A diagnosis of schizophrenia can be scary for both patients and their loved ones. A lifelong mental illness, the disease has long been associated with severe, and even terrifying, symptoms--hallucinations, delusions, increased risk of suicide. But a growing body of research is giving patients new reasons to hope.

An Improved Outlook

Although there is still no cure for schizophrenia, the outlook for patients has improved over the past 30 years, according to the National Institute of Mental Health (NIMH). These days, a treatment plan might include a combination of antipsychotic medications and cognitive behavioral therapy, family education, or other psychosocial treatments designed to improve illness-management skills. It's important to note that psychosocial treatments have been proven helpful only to schizophrenic patients who are already stabilized on antipsychotic medications.

What's more, antipsychotic drugs have evolved over the past few decades. In addition to older medications such as chlorpromazine, haloperidol, perphenazine, and fluphenzine, a new generation of drugs called atypical antipsychotics was developed in the 1990s. Atypical antipsychotics include clozapine, risperidone, olanzapine, quietiapine, sertindole, and ziprasidone. Each of these medications comes with side effects, though, and every patient responds differently. Oftentimes, several different drugs must be tried before the right treatment is found.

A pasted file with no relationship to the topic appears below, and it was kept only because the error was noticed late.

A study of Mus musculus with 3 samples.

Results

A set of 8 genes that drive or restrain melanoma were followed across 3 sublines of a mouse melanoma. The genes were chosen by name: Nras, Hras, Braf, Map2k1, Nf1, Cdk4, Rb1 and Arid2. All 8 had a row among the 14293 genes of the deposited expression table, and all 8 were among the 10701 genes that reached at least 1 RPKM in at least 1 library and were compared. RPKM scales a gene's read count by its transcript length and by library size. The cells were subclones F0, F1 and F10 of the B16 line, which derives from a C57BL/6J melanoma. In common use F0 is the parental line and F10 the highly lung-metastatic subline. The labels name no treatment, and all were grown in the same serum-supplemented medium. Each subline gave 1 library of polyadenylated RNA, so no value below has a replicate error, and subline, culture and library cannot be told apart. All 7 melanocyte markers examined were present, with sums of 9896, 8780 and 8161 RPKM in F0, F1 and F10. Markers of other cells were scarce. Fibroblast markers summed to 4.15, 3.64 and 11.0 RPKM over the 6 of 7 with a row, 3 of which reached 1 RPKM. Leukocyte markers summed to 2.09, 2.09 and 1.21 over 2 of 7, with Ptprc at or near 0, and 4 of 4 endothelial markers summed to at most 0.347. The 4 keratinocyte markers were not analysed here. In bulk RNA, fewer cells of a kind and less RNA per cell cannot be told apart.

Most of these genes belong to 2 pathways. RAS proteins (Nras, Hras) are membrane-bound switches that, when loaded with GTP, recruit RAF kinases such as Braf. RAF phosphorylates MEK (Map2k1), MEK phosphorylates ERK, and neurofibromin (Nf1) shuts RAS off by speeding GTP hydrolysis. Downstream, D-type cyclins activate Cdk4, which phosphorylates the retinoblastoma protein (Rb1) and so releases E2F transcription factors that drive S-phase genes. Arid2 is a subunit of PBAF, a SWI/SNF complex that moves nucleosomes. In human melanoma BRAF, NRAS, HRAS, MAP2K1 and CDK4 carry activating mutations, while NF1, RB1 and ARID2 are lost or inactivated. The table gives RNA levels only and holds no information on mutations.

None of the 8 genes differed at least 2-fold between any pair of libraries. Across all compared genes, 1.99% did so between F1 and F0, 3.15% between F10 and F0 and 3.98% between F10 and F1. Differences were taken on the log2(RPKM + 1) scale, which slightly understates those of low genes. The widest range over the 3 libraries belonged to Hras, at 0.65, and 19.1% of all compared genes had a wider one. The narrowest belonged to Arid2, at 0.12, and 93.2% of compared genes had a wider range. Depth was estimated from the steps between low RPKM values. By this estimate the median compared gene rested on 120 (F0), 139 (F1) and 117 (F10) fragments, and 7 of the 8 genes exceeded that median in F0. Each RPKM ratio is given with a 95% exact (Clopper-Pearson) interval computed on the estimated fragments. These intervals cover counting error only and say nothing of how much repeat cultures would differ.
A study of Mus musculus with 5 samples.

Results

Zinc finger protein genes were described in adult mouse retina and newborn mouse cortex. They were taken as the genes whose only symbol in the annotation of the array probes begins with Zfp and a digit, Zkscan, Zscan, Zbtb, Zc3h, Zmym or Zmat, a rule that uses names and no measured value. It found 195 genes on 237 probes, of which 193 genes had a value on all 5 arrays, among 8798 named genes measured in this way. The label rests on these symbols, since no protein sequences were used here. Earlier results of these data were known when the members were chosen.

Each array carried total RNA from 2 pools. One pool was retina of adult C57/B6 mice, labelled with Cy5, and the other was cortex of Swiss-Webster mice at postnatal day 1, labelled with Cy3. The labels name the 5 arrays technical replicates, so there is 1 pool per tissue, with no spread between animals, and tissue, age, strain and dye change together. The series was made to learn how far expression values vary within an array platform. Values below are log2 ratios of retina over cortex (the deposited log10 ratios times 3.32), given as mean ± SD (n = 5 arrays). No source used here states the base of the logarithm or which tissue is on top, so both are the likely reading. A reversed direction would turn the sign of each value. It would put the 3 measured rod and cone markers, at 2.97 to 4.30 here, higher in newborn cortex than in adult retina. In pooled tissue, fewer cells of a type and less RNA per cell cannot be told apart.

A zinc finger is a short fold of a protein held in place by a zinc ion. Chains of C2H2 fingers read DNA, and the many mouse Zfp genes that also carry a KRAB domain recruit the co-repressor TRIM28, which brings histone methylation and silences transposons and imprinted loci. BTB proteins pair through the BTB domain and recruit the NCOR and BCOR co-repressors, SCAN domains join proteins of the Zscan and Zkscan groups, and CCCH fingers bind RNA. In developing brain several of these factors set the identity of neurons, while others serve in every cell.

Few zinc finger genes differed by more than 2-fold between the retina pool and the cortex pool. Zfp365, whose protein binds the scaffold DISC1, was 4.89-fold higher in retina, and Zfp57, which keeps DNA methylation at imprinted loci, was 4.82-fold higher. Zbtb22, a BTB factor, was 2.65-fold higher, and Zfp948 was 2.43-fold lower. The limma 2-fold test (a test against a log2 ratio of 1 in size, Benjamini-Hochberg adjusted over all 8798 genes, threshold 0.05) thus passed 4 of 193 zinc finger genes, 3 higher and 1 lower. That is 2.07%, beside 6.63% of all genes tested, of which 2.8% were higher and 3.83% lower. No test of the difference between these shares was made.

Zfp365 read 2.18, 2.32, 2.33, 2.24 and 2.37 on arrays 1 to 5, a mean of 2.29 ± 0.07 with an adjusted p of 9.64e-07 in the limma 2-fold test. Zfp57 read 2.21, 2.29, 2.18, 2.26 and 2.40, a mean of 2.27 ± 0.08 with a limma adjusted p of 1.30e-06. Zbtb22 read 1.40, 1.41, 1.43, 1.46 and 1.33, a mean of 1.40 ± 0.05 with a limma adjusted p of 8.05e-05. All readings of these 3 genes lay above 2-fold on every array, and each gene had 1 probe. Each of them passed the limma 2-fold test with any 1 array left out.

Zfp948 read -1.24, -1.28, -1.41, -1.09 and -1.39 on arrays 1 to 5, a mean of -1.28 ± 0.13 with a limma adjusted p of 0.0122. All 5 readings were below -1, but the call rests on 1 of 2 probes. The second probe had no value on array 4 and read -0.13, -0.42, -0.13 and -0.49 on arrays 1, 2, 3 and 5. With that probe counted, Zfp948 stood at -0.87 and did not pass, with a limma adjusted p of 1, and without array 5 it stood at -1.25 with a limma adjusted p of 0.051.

New Research

In the future, some experts believe that they may be able to treat or even prevent schizophrenia through a genetic on/off switch. A recent study conducted at Johns Hopkins University in Baltimore identified the mutant DISC-1 gene in a Scottish family with a strong history of schizophrenia. The researchers then developed a mouse model for the disease by inserting the gene into a normal mouse with a promoter that allowed the gene to switch on or off. They found they could turn the gene off by feeding the mice a nontoxic chemical that affects the production of DISC-1 proteins.

Another study, conducted by the NIMH and National Institute of Child Health and Human Development, found that the GAD1 gene makes an enzyme essential for production of the chemical messenger GABA. The more the gene is turned on, the more GABA synthesis can occur, under normal circumstances. GABA helps regulate the flow of electrical traffic that enables brain cells to communicate with each other and is among the major neurotransmitters in the brain.

Abnormalities in brain development and in GABA synthesis are known to play a role in schizophrenia, but the underlying molecular mechanisms are unknown. In this study, scientists discovered that defects in specific epigenetic actions--biochemical reactions that regulate gene activity, such as turning genes on and off so that they can make substances like the GAD1 enzymeare involved.

On the Horizon

The NIMH and National Institute of Child Health and Human Development discovery "opens a new area for exploration of schizophrenia," according to NIMH Director Thomas R. Insel, M.D. "Studies have yielded very strong evidence that schizophrenia involves a decrease in the enzymes, like GAD1, that help make the neurotransmitter GABA. Now we're starting to identify the mechanisms involved, and our discoveries are pointing to potential new targets for medications."

Moreover, the NIMH notes that this is an exciting time for schizophrenia research: "The explosion of knowledge in genetics, neuroscience, and behavioral research will enable a better understanding of the causes of the disorder, how to prevent it, and how to develop better treatments to allow those with schizophrenia to achieve their full potential."